Fooled by a bird
A few years ago I was surprised to hear a familiar bird call in my back yard.
The Sora is a fairly common bird here in the summer but is confined to marshy wet areas. What was a Sora doing in the middle of West Fargo?
Turns out it wasn't one at all. It was a European Starling (Sturnus vulgaris) sounding like one. This capacity for mimicry was illustrated again last week. While near the City of Fargo's compost pile, I heard a Western Chorus Frog. We set a record high that day but I didn't think it was that warm. Guess what? A Starling had fooled me again. It shouldn't have surprised me, because over the years I have heard these birds copycat the calls of Red-tailed Hawks, Killdeer, Blue Jays, and many others. Why not an amphibian too?
In the 19th century these birds were happily going about their business in Eurasia and North Africa. Centuries of living among people had conditioned these birds quite snugly for city life. Around 1890, it is thought, a group of people in New York City set out to introduce all the birds mentioned in the works of Shakespeare to the New World. About 100 European Starlings were released in Central Park. Today they cover nearly the entire continent and it is estimated that the North American population is in the neighborhood of 200 million. All can trace their ancestry to the first 100 birds.
Starlings are black-feathered (though not a Blackbird) with a green and purple sheen. In the fall, white spots adorn the feather tips giving it a dense polka-dot appearance. It's long, pointed bill is dark now but becomes yellow closer to spring. This six-inch bird has a noticeably short, squared tail and pointed wings. Once a person learns to recognize it in flight, it is almost unmistakable. I say 'almost' because Meadowlarks and Waxwings appear similar. In a way it looks like a small flying football.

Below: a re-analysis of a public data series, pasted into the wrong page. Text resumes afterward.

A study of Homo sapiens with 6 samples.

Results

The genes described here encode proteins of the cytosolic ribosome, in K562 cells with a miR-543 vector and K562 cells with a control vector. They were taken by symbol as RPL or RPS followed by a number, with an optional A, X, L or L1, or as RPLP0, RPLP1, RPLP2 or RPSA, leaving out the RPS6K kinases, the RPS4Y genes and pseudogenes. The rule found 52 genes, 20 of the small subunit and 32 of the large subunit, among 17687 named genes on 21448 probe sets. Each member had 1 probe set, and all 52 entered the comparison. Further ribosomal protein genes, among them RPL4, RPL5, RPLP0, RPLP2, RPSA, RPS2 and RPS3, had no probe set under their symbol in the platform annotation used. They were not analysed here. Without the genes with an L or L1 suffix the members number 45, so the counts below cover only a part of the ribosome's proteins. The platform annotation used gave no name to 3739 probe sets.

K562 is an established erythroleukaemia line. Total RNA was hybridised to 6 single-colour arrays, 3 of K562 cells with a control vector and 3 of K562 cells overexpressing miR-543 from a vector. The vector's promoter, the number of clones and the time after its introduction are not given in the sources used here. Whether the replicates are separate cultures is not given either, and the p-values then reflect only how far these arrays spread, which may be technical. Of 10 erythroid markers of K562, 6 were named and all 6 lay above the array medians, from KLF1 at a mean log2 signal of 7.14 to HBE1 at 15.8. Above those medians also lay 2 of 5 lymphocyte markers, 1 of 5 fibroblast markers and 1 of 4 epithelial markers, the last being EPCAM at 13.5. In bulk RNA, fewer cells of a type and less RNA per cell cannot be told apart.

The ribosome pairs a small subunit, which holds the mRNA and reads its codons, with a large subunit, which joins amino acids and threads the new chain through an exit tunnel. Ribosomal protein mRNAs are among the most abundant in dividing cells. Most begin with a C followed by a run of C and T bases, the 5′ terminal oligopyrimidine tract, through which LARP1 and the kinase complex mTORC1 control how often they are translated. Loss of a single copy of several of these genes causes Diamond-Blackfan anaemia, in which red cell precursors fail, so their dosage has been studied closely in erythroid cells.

It nests in cavities and seeks out appropriately sized holes aggressively. Any hollow space is susceptible to a nesting attempt; trees, clotheslines, martin houses, company signs, etc. Because of this habit, it is thought to have a negative impact on native cavity nesters like Woodpeckers, Bluebirds and the like.
So accustomed it is to human-altered habitats, it is nearly impossible to find one in forests, desert, or wilderness areas. But in town or on the farm watch out. This species is highly colonial. They form impressive groups in all seasons, even while breeding. Flocks of over a million birds are reported regularly.
The European Starling is not universally loved by most people, including some bird watchers. Yes, even among the binocular-toting crowd there is a hierarchy. Fair or not, Starlings are placed somewhere down the list where Pigeons and House Sparrows reside. Plus its song is nothing to brag about. When not aping other calls, both sexes will belt out a variety of squeaks, whistles and squawks.
But it's in agriculture where most of the bird's issues resound. This bird will eat just about anything from seeds to insects. Farm fields, feedlots and landfill sites are just a few of the preferred dining facilities for Starlings. Despite the fact that it eats large quantities of insects, the possible benefit is likely offset by its habit of pulling up seedling grain and eating the seeds. In addition to grains, this species is noted for its assault on grape, olive and cherry crops. Strangely, it is reported the former Soviet Union erected 25 million boxes to encourage the nesting of Starlings. Under what circumstances or around what crops, I don't know.
Like them or not, European Starlings are here to stay. Efforts to remove or kill them are met with limited and short-lived success. Americans may be neglecting a resource however. A few European countries harvest this bird for food.
Oh, if anyone is looking to find one, check out the Fargo landfill where thousands of European Starlings can be found on any given day.